We thoroughly enjoyed our time in Bend, Oregon and were loathe to leave… but everyone in Bend raved about how fantastic the riding was in Oakridge. Apparently we were on the right track, as we already had campground reservations for Black Canyon, just outside of Oakridge!
After rolling into town, we wasted no time: we dropped by Wilamette Mountain Mercantile, purchased a map, got some trail recommendations, set up camp, and prepared to ride!
While this was our first visit to Oakridge, after reading reviews on Singletracks there was one trail that I knew I had to ride first: the Alpine Trail.
There are numerous options for extending this ride, or even shortening it, but I decided to do one of the classic shuttle routes beginning at roughly the highest point in the mountains, and then following the named Alpine Trail all the way back down to the river. Thankfully, while Summer had injured her arm just a few days before, she was still game to drive me up the mountain. 🙂
Even the drive up the gravel road was gorgeous! As we climbed high up the mountainside on a winding gravel road, I realized just how different these mountains were from those surrounding Bend.
In Bend, the big, majestic peaks are all massive volcanic cones. They tend to sit by themselves, isolated against the skyline. Of course, they’re surrounding by other “mountains,” which are really just rolling hills in comparison. While the rolling hills surrounding the big peaks (such as Mount Bachelor) might count as mountains in, say, Georgia, they’re even mellow by Georgia standards.
In Oakridge, gone were the solo volcanic peaks–they were replaced by massive mountain ranges and majestic ridges, rising high above the rivers and lakes below. In fact, the forested mountain tops and the humungous trees reminded me of trails I had ridden while living in the northwestern corner of Montana, near Kalispell and Whitefish.
Finally, after about 45 minutes of winding up the sinuous dirt roads, we found the top of the trail where I planned to drop in. Giddy with excitement, I unloaded my rig, threw on my pack, and got rolling!
While the Alpine trail is definitely great as a shuttle (though rideable as a massive loop with other trails or gravel roads), there’s still a respectable bit of climbing. Right after the shuttle drop, there’s still a thousand feet of net elevation gain before reaching the high point of the route four miles later. After that, it’s mostly downhill, but is still punctuated with a series of short uphills.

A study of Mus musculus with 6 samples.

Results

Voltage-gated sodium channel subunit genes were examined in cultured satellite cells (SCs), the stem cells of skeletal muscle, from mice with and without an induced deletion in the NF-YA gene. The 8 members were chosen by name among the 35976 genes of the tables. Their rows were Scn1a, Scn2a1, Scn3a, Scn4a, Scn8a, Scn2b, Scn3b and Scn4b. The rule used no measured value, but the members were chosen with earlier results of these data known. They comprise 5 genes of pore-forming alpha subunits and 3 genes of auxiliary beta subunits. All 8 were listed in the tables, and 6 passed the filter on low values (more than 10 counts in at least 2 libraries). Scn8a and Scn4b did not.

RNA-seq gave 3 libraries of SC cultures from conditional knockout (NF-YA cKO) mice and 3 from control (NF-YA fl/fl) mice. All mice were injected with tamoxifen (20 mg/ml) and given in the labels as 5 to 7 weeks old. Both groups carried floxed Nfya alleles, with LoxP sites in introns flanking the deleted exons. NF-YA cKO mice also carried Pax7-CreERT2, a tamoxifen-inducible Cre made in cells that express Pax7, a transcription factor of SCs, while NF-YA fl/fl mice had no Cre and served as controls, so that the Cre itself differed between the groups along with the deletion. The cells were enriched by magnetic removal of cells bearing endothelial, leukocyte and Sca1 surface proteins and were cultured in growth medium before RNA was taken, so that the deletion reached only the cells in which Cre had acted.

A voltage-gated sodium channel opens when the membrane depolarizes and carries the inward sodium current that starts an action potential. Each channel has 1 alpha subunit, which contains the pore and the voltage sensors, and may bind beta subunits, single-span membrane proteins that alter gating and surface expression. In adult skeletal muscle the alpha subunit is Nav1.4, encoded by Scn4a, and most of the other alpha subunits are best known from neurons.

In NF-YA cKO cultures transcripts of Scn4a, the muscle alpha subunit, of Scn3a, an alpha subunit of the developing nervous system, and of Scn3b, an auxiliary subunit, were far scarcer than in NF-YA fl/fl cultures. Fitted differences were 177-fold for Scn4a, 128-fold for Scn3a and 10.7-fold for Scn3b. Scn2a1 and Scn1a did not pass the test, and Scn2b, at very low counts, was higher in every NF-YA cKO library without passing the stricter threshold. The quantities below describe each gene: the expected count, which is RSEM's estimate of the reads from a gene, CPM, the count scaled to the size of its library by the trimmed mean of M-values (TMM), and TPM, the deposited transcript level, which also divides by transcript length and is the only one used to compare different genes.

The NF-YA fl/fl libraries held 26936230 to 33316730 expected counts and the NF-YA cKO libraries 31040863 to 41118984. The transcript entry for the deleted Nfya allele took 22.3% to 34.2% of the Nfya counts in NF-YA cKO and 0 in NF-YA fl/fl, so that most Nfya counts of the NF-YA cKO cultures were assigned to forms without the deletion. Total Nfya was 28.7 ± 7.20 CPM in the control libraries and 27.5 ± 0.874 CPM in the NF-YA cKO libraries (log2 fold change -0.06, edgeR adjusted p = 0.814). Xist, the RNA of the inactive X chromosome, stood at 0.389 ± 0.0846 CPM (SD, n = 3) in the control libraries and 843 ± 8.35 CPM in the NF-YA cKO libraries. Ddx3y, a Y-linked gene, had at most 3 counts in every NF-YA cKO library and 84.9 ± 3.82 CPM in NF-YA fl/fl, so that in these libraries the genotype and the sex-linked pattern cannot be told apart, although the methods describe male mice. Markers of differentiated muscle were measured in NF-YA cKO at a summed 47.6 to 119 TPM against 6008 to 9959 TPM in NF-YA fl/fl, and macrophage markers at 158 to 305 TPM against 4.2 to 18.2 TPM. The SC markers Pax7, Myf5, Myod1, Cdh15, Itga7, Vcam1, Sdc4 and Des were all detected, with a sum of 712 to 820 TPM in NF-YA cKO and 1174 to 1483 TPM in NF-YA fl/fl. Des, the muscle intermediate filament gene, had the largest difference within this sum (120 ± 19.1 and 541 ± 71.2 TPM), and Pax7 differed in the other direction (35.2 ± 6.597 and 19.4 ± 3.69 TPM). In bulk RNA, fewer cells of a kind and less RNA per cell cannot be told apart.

It’s hard to imagine an ecosystem that’s this drastically different from the one in Bend a mere 60 miles away as the crow flies. Of course, I’ve already written about how radically different the McKenzie River Trail was, but after spending even more time in Bend the difference here in Oakridge was incredible!
Gone was the dry landscape, scrubby trees, and scraggly pines. In its place were the massive trees and the vaulted canopy of the Willamette National Forest. Here are a few photos in a futile attempt to help you understand just how massive these trees are… but you know the pictures don’t do them justice:
Hailing (or at least, having hailed) from North Georgia, I’m no stranger to riding in deep forests (although these trees still blow the North Georgia forests out of the water). However, something we don’t have in North Georgia is epic scenery… and despite the massive trees, the Alpine Trail still opens up into high-alpine meadows and offers fantastic views of the surrounding mountains!
After getting the climb out of the way and easing into the descent, the trail eventually steepens, swooping through the trees with rip-roaring fun!
Thanks to the extreme difference in ecosystems and vegetation, the dirt in Oakridge couldn’t be more different from the dirt in Bend. While Bend’s dirt is very dry, very fine moon dust, the dirt in Oakridge is beautiful black loam!
This is the dirt that dreams are made of: tacky, with traction for days, beautiful to look at, and delightfully silent when the knobbies dig in. As I slalomed down the mountain, blasting through rock gardens and airing off rollers and drops, the loam was always there to provide incredible cornering traction (also thanks in part to some mini berms tucked away beneath the trees). The dirt also offered plenty of stopping power when I needed it.
I definitely laid on the brakes as I rolled up to this breathtaking vista, pausing for a few minutes to shoot photos of Oregon’s splendor:
After this point, the trail sidehilled the steeper lower mountain side, descending lower and lower to the valley floor. Eventually, I glimpsed the small town of Westfir below me:
Alas, all good things come to an end, and so did the Alpine Trail. However, it spat me out into a park near a covered bridge, with a bike wash and an overgrown (but rideable) pumptrack:
What a great way to end the day!
Stay tuned to the Singletracks Twitter for more tales from Oakridge and beyond!